Joan Baier is having problems logging in, so I have posted this for her.

This morning as I waited for my tea water to boil, I realized a familiar truth: a watched pot never boils. So, of course, I busied myself getting out the cereal bowl and preparing the Cheerios, milk, flax seed, banana. The water still wasn’t quite at that 212° yet.  Frustration!

I thought about waiting. We spend ALL of our lives waiting! Think about it. We wait for evening hours so we can relax; we wait for holidays; we wait at the doctor’s, the dentist’s; we wait to hear from loved ones; we wait for our paychecks, our Social Security check, our IRA payments; we’re waiting for Godot. No. Wait. That’s someone else.

Personally, I’m waiting to hear from an editor who asked me for my full manuscript after I’d sent her a query letter and sample; I’m waiting for my next critique group, to hear their suggestions for my WIP (work-in-progress); I’m waiting for my writing group ( to decide on the particulars of our next writers’ conference.

I’m also waiting for a cure for Cystic Fibrosis so that my twin great-grandsons can benefit from that;

I’m waiting for a miracle for my grand-nephew who has been dealing with leukemia for over a year; I’m waiting for a cure for CLL (Chronic Lymphocytic Leukemia) so my son and one surviving sister can reap that reward.

The last couple books I read on my new-for-Christmas Kindle were murder/suspense/mysteries: “Well-Schooled in Murder” by Elizabeth George and “Dead Silence” by Randy White. Both books had grisly murders: only one murder in George’s book, but it was that of a young schoolboy. In White’s suspense-thriller, there was more than one murder and much more “grisly!” But throughout both stories, you were waiting for the next clue, waiting for a rescue. You lived vicariously through the characters’ hope and agony.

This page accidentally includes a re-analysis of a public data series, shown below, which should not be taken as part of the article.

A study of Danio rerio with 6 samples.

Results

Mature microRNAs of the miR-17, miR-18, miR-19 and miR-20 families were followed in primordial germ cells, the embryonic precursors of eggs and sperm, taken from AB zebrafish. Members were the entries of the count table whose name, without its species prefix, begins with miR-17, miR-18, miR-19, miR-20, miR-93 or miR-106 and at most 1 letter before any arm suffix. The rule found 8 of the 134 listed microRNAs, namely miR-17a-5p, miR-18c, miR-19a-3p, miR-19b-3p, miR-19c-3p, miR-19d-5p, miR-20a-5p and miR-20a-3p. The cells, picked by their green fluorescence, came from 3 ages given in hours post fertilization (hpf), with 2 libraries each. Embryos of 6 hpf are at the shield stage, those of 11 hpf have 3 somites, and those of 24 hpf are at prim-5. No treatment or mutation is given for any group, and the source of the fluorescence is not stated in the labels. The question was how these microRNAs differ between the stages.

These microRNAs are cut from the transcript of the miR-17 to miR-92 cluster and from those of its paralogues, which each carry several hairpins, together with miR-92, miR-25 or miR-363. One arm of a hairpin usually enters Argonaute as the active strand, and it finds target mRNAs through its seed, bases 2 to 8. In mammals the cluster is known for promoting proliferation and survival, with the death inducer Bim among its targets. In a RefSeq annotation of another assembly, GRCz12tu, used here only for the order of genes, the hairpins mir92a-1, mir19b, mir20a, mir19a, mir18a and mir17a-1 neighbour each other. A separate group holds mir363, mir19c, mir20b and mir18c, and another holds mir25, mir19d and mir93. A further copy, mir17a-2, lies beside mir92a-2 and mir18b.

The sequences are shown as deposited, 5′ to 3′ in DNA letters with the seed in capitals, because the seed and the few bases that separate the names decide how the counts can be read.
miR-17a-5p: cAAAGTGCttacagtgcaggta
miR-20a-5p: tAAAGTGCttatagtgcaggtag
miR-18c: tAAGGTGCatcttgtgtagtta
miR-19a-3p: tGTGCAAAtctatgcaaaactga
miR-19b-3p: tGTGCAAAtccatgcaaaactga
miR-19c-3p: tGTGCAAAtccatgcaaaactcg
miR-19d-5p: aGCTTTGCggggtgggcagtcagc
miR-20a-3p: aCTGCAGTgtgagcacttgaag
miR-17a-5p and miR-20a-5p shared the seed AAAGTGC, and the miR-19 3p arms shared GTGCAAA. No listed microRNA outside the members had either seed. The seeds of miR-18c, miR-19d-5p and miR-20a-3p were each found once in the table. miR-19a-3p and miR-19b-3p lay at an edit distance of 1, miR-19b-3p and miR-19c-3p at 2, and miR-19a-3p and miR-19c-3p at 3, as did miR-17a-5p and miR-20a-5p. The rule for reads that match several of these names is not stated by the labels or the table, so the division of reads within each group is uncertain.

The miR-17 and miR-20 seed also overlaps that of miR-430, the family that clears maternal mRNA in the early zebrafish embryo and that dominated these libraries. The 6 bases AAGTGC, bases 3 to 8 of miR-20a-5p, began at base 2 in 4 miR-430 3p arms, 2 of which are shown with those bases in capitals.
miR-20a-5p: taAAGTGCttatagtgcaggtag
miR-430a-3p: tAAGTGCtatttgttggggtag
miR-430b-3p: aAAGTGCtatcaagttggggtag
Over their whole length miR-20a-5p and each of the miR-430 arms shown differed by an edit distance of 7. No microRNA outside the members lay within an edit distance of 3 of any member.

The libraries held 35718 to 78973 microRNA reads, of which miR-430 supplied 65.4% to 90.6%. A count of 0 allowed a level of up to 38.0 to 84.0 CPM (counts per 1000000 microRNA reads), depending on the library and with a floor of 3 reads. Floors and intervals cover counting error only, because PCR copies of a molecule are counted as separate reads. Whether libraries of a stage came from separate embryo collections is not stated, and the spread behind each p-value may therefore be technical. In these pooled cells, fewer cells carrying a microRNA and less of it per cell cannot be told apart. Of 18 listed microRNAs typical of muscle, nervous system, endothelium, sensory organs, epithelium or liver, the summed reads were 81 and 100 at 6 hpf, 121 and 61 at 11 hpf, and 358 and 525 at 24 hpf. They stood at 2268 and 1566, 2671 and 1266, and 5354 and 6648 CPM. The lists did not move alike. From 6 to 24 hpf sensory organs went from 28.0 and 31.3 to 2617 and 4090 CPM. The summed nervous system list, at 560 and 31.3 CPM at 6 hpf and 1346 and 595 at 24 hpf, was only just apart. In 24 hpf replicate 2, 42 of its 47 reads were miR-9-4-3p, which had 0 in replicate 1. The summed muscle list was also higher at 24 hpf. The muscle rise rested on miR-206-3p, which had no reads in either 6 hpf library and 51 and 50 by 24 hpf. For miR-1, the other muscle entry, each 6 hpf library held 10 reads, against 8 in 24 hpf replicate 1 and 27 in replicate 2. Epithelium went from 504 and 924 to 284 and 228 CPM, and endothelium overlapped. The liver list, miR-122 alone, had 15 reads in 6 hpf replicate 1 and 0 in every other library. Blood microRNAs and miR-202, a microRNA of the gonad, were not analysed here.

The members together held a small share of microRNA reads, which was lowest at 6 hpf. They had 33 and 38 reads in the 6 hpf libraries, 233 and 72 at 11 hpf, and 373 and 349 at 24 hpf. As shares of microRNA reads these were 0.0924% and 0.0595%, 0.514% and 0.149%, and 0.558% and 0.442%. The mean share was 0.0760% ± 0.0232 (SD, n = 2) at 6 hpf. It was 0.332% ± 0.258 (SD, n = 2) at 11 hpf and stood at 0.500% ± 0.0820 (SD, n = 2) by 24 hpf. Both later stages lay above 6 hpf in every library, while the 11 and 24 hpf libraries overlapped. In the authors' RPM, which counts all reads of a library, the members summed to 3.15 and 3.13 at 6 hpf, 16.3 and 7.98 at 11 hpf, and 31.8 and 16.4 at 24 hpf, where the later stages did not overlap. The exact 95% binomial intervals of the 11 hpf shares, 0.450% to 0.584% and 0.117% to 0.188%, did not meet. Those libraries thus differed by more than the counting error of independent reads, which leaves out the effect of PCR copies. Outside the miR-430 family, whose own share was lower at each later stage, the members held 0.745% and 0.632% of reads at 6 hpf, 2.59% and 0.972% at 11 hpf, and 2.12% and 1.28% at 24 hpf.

Because waiting is a two-sided coin. On the one side is Hope. We hope the doctor won’t be too long; we hope our loved one will call/visit soon; we hope that editor will love and buy our manuscript; we hope the cures for devastating illnesses will actualize.

And on the other side is the Agony in the Garden, which is full of “what-ifs”. When the loved one doesn’t call, “what if…”; when that cure or miracle doesn’t happen… Let’s not go there. What if that editor rejects my manuscript? What if the critique group says my story is worthless, start a new one? These last two are easy ones to answer. Go back to the computer. Research, think, work, stop waiting and start writing!

The other what-ifs? The answer is just as easy, but the doing is harder. You pray, harder, more often. You help wherever and whenever you can. You research, research, research. You never know when you might discover a little-known study/test that could be the answer for you and yours.

Ralph Waldo Emerson said, “The world is all gates, all opportunities, strings of tension waiting to be struck.”

Waiting, both parts of it, is a fact of life. It is its own co-mingled world. My tea water boiled; I have my cup of hot decaf Lipton tea; I have prayed for my family and friends; and I have completed my blog for today.



    I’m sorry about what’s happening with your family, Joan. What a tough time you’re all having. My heart breaks to hear it. You have written a great post, we do live with having to wait and in the meantime wonder “what if?” And it does make us stronger writers because we ask what if, and must wait to divulge the answer. Art mirrors life. Nicely said, Joan.